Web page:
Harnessing genetic variation in the laboratory mouse to discover the mechanisms of opioid overdose

PiezoSleepTM Enables Large Scale Study to Identify Heritable Differences Responsible for Morphine Sensitivity and Respiratory Depression

A large scale genetic study conducted by researchers at The Jackson Laboratory used Signal Solutions’ PiezoSleepTM system as a noninvasive breath tracking method to identify genetic regions associated with morphine induced respiratory depression.  Breathing data was collected continuously from cages using the PiezoSleepTM system before and after morphine administration from over 300 Diversity Outbred (DO) mice, representing recombinants from the eight inbred founder strains (founder strains for Collaborative Cross and DO mice). A baseline average breath rate was estimated from piezo breath signals during periods of low activity over twenty-four hours prior to morphine administration, and respiratory response to morphine was calculated as the percent of baseline respiratory rate following morphine administration. Breath rate monitoring with the PiezoSleepTM system pinpointed a chromosomal region that is highly associated with reduced breath rate following morphine administration.

Phenotyping the breath response in the 300 Diversity Outbred mice, combined with high density genotyping, mapped morphine response to specific chromosomal regions. Four Quantitative Trait Loci (QTL) were identified for respiratory response to morphine, including a strong QTL on chromosome five (LOD 9.2 QTL at Chromosome 5:24.98-26.16 MBp), driven by strong NOD vs WSB/Eij allele effects. Strain specific polymorphisms within the stretch of DNA identified a candidate gene, Galnt11 (N-acetylgalactosaminyltrasferase 11), based on expression pattern in breath regulatory regions, relevance of biological function, and expected functional change of the encoded protein due to the identified polymorphism. Follow-up studies are in progress.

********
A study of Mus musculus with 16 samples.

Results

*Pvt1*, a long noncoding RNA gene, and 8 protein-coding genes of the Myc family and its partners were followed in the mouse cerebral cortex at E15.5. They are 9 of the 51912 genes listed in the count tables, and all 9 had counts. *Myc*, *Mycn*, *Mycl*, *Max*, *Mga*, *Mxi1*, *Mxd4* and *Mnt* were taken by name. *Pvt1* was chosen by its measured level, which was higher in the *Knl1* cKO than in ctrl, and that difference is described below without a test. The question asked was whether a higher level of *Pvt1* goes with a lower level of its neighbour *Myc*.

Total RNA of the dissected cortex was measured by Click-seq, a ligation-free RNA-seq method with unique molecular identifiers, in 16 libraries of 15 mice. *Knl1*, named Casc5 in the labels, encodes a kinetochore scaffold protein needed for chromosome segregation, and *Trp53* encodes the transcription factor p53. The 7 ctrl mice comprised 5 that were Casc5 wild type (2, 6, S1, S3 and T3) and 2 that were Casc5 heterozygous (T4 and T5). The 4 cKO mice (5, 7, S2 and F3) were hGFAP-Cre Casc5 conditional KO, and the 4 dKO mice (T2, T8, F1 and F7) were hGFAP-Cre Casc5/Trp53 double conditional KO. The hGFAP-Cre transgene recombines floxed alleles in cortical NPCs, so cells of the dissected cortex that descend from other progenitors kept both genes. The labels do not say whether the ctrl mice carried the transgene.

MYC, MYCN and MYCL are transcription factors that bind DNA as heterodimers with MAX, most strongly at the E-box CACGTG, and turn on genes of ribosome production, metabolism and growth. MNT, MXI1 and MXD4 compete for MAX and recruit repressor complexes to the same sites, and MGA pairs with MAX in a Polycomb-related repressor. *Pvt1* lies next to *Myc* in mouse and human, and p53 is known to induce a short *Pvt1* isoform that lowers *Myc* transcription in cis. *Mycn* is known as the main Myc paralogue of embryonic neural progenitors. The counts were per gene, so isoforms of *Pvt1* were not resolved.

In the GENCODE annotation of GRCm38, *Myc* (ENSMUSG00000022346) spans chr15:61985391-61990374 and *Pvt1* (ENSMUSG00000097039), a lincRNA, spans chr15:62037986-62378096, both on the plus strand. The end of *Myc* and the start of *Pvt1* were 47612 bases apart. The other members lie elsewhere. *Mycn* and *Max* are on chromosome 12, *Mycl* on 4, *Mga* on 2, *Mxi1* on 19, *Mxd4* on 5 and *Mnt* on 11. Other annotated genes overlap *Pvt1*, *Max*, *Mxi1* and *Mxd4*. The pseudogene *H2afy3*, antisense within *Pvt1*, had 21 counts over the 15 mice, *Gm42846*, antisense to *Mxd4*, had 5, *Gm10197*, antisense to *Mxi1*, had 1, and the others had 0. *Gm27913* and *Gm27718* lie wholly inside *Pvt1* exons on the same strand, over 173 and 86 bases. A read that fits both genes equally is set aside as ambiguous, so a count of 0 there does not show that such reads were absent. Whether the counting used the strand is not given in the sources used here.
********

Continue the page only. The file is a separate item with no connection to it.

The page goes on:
See the full published study: Genetic variation regulates opioid-induced respiratory depression in mice  Bubier, et. Al. Scientific Reports, natureresearch Sep 11 2020

Respiratory depression is the main cause of death in opioid overdoses, averaging 45,000 deaths each year in the USA over the last five years. Jason Bubier and Elissa Chesler of The Jackson Laboratory are leading an NIH funded multi-year effort to identify genes that are involved in opioid induced respiratory depression, with hopes of better treatment and assessing patient risks for prescription pain medication. https://www.jax.org/news-and-insights/2020/april/preventing-overdose-deaths

This research program, funded by The National Institute of Drug Abuse (grant # R01DA048890), will expand the investigation of opioid response in Diversity Outbred mice beyond morphine to the much more dangerous synthetic opioid, Fentanyl.  Candidate genes will be tested by engineering allelic variants into different genetic backgrounds using CRISPR/Cas9 technology. Functional breathing differences in response to morphine and fentanyl in the DO and engineered mice will be assessed with PiezoSleepTM.